Israeli filmmaker tells Germans: Don't sell submarines to 'fascist' Israel

Udi Aloni, the director of the award-winning 'Junction 48,' is the son of late education minister and Meretz MK Shulamit Aloni.

A scene from the Israeli film 'Junction 48' (photo credit: AMNON ZALAIT)
A scene from the Israeli film 'Junction 48'
(photo credit: AMNON ZALAIT)
An Israeli filmmaker whose movie took home a prize at a prestigious Berlin film festival was recorded by Channel 10 as telling an audience in the German capital that the government in Jerusalem was “fascist.”
Udi Aloni, the director of Junction 48, told festivalgoers in Berlin that German Chancellor Angela Merkel was wrong to sell submarines to Israel.
Aloni, the son of the late education minister and prominent left-wing politician Shulamit Aloni, said that Israel was a country in which “a white [Jewish] man” like himself could speak freely while non-Jews were forbidden from doing so.
Aloni mentioned the case of Mohammad al-Qiq, the Palestinian journalist who has been on a hunger strike for three months in protest of being placed in administrative detention.
The Supreme Court supported the government’s position that Qiq was involved in terrorist activities on behalf of the Islamist movement Hamas.
“Merkel doesn’t mention the occupation and she sells to [Prime Minister Benjamin] Netanyahu submarines so that he can continue with these things,” Aloni is heard saying.
When asked about his film, he said that the main character, Tamar, is “such an amazing guy because he grew up in Lod and from the start he sings about how Israel is the terrorist.”
Aloni's Junction 48 took the Panorama Audience Award for best fiction film. Another Israeli film, Who's Gonna Love Me Now? by Tomer and Barak Heymann was voted best Panorama documentary.
Junction 48 tells the story of an Israeli Arab rap star and his girlfriend who live near Tel Aviv in the mixed Jewish-Arab city of Lod, known until recently as one of the main drug-running centers of the Middle East.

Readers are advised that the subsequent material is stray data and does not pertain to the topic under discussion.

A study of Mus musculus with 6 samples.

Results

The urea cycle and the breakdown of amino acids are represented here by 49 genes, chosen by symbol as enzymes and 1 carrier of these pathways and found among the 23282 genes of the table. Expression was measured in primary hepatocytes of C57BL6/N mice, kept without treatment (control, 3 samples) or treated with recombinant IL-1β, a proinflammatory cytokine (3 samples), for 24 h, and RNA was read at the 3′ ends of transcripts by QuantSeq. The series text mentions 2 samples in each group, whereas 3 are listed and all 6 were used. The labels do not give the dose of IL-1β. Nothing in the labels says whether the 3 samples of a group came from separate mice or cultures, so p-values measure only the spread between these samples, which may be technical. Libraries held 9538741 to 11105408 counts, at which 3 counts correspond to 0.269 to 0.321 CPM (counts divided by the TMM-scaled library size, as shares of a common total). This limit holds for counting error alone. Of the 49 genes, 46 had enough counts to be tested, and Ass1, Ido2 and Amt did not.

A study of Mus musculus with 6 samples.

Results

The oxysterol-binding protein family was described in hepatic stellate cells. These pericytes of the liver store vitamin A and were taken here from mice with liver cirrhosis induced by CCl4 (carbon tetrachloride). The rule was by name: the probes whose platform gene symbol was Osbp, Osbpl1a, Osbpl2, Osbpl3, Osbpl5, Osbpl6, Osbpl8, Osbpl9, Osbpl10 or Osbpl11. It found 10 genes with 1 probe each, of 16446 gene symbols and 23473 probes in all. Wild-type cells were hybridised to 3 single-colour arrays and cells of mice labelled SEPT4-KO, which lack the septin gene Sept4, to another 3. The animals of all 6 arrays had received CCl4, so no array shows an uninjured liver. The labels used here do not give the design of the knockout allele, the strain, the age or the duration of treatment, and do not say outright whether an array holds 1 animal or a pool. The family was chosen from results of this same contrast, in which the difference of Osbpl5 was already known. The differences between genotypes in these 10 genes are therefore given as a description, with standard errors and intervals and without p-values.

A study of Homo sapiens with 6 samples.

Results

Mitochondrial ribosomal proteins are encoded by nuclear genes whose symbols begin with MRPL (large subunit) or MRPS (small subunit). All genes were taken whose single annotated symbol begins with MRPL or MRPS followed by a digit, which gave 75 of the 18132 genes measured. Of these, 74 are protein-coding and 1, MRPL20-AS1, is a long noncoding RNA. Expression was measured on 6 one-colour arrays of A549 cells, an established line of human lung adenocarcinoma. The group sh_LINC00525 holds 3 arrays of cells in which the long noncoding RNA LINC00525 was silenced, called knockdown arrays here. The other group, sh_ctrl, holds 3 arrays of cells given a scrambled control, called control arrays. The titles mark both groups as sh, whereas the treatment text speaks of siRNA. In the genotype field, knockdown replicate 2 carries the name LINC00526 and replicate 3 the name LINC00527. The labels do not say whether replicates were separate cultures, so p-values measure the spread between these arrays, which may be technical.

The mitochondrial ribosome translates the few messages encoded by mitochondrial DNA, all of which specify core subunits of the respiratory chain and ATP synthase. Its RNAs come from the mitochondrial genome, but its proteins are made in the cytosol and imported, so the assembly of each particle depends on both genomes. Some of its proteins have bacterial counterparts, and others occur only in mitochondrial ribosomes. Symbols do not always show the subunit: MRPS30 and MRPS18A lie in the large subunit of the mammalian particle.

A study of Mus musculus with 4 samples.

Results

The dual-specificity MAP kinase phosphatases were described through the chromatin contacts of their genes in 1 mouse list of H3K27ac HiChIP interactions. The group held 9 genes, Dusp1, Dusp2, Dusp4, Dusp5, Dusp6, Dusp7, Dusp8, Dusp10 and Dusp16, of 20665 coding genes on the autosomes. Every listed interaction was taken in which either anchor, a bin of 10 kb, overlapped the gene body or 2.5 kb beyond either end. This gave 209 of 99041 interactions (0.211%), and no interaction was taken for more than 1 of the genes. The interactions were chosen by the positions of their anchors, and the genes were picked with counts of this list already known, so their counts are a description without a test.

The film, whose dialogue is almost entirely in Arabic, was produced with funds from Israeli government ministries.
When contacted by Channel 10, Aloni said that his remarks were aimed at the Israeli government, and not the country, for which he professed his “love.”
"Unlike Netanyahu, who spreads hatred, this film spreads love," Aloni told Channel 10.
Aloni’s remarks will surely add impetus to Culture Minister Miri Regev’s efforts to deny state funds to institutions and entities that are “subversive.”
Last month, Regev presented her “Loyalty in Culture” proposal to the Knesset Education, Culture and Sports Committee on Wednesday, emphasizing that she did not intend to act as a censor or censure any cultural institution.
“Freedom of expression is part of the DNA of the State of Israel and I have no intention of harming this, but the state will not fund any cultural institution that subverts it or that burns the flag,” she told the committee.
“We all respect the principles of democracy and the State of Israel being a Jewish and democratic state. I will not allow the subversion of the foundations of the state, especially when it is government-funded. What is this outcry? That I ask that a funded institution will abide by the law?” she added.
Referring to herself in the third person, she said: “Miri Regev did not invent any new law. I want to introduce an amendment that the minister who releases funds can also withhold them,” she told the committee.
Regev’s proposed bill would withhold government funding to cultural institutions that incite to racism, violence or terrorism, or support armed conflict of terrorism against Israel.
Lidar Grave-Lazi and Reuters contributed to this report.